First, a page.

Friday, March 21, 2014
The Lurid, Sexualized 1970s Dark Shadows Movies
Whenever a big screen adaptation of a TV show is released it's a disaster, for decades that's been the case. Dark Shadows with Johnny Depp being a prime example. But there was a string of motion pictures based on television shows that were as good or better than the originals. They tended to be the very first such adaptations - McHale's Navy (1964), McHale's Navy Joins the Air Force (1965), Munster Go Home! (1964), Batman (1966), and House of Dark Shadows (1970).
For me, House of Dark Shadows stands as the most effective TV adaptation to the big screen until Star Trek II the Wrath of Khan came along in 1982.
The daytime soap opera Dark Shadows struggled to find an audience before Jonathan Frid joined the cast as Barnabas Collins. This happened in 1967 just after Batman ignited in primetime; both Frid and Adam West became instant pop icons. Perhaps it was the success of the Batman movie that prompted MGM to green light a film version of Dark Shadows four years later.
The motion pictures House of Dark Shadows from 1970 and the sequel Night of Dark Shadows from 1971 finally appeared on DVD in 2012. Interest in the Johnny Depp film version briefly made the series super hot again. Who would have thought this daily soap opera would rise again after the failed primetime revival in 1991?
House of Dark Shadows is a faithful re-telling of the origin of Barnabas Collins straight from the soap opera plotline, only far more gruesome and bloody. Creator and producer Dan Curtis constructed a rock solid scenario so a blood curdling time was had by all. There are many creepy moments and genuine chills in this gothic tale of a vampire released after more than a century in captivity, consumed with a longing to romantically reconnect with his long-buried past.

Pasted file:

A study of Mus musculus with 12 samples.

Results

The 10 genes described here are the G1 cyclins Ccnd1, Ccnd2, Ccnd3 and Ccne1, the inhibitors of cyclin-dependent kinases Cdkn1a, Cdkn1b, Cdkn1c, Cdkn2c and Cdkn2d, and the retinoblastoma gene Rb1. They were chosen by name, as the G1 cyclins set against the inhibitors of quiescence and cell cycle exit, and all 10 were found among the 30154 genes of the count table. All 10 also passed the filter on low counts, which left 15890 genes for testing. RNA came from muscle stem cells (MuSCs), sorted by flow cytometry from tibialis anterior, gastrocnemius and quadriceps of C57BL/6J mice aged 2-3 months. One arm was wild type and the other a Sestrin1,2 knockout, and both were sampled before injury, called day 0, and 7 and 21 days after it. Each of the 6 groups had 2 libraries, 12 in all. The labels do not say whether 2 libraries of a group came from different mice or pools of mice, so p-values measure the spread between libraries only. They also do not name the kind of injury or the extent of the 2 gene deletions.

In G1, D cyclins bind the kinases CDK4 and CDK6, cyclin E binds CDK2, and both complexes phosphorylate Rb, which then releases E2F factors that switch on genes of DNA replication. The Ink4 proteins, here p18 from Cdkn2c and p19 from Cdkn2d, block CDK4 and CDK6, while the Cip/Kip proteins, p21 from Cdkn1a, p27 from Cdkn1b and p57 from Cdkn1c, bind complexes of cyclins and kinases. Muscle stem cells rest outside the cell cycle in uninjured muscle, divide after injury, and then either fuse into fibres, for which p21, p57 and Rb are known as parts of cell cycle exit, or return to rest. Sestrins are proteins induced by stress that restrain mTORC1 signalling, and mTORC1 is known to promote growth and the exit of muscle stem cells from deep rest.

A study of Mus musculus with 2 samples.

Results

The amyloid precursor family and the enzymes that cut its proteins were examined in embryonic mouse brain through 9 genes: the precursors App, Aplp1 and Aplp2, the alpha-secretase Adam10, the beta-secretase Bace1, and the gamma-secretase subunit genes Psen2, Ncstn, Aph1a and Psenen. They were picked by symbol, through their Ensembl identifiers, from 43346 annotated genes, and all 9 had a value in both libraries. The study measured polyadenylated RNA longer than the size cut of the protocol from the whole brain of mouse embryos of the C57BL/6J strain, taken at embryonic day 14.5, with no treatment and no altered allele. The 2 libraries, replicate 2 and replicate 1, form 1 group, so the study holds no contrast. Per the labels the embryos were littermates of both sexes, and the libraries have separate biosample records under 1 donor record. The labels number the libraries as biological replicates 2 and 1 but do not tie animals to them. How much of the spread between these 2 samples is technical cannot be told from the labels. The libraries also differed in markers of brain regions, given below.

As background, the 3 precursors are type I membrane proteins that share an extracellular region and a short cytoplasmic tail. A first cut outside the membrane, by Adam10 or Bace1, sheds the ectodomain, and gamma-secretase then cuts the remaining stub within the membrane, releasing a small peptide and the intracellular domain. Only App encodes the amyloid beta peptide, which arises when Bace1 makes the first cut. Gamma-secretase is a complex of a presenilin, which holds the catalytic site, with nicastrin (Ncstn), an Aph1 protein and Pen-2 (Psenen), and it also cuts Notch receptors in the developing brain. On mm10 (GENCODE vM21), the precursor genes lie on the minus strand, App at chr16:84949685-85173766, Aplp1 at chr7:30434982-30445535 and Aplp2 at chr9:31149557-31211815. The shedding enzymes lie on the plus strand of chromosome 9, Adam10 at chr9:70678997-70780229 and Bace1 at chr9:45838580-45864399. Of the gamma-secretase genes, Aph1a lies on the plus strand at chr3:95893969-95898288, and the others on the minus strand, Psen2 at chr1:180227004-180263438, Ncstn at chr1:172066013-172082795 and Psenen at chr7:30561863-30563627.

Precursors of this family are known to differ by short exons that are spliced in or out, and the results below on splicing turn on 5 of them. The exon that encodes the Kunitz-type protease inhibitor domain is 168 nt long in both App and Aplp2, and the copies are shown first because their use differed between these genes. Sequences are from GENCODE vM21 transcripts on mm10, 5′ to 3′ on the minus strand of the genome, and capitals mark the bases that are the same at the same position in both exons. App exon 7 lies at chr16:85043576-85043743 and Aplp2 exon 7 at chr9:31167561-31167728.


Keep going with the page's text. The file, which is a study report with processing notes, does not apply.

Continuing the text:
Night of Dark Shadows, on the other hand, was schlocky and seemingly meant to go straight to the Drive-In circuit, the equivalent in 1971 of going direct to DVD. Like the television series, part of the film takes place in the past but there's no Barnabas - instead Quentin Collins (David Selby) is the center of attention, a silly prat possessed and in love with the ghost of Angelique.
Most of the cast of House of Dark Shadows returned except Jonathan Frid and Joan Bennett (Elizabeth Collins Stoddard). I guess she stayed dead after the last movie. Actors who played supporting characters that were offed in the first film were reincarnated with different identities in Night of Dark Shadows - but then that was a common thread on the TV show as well. This movie was a great deal more violent and overtly sexual that the previous, but not the least bit scary. I was left totally confused by the whole tawdry affair, being a fan of the show and seeing familiar characters in so murky a setting.
The director's cut of Night of Dark Shadows was announced in 2012 but I never saw it released, just the theatrical version. Night was directed by Dan Curtis but MGM forced him to rush cut over 35 minutes from his finished film. This might account for the lack of cohesion.
Read more about the 1970s Dark Shadows movies!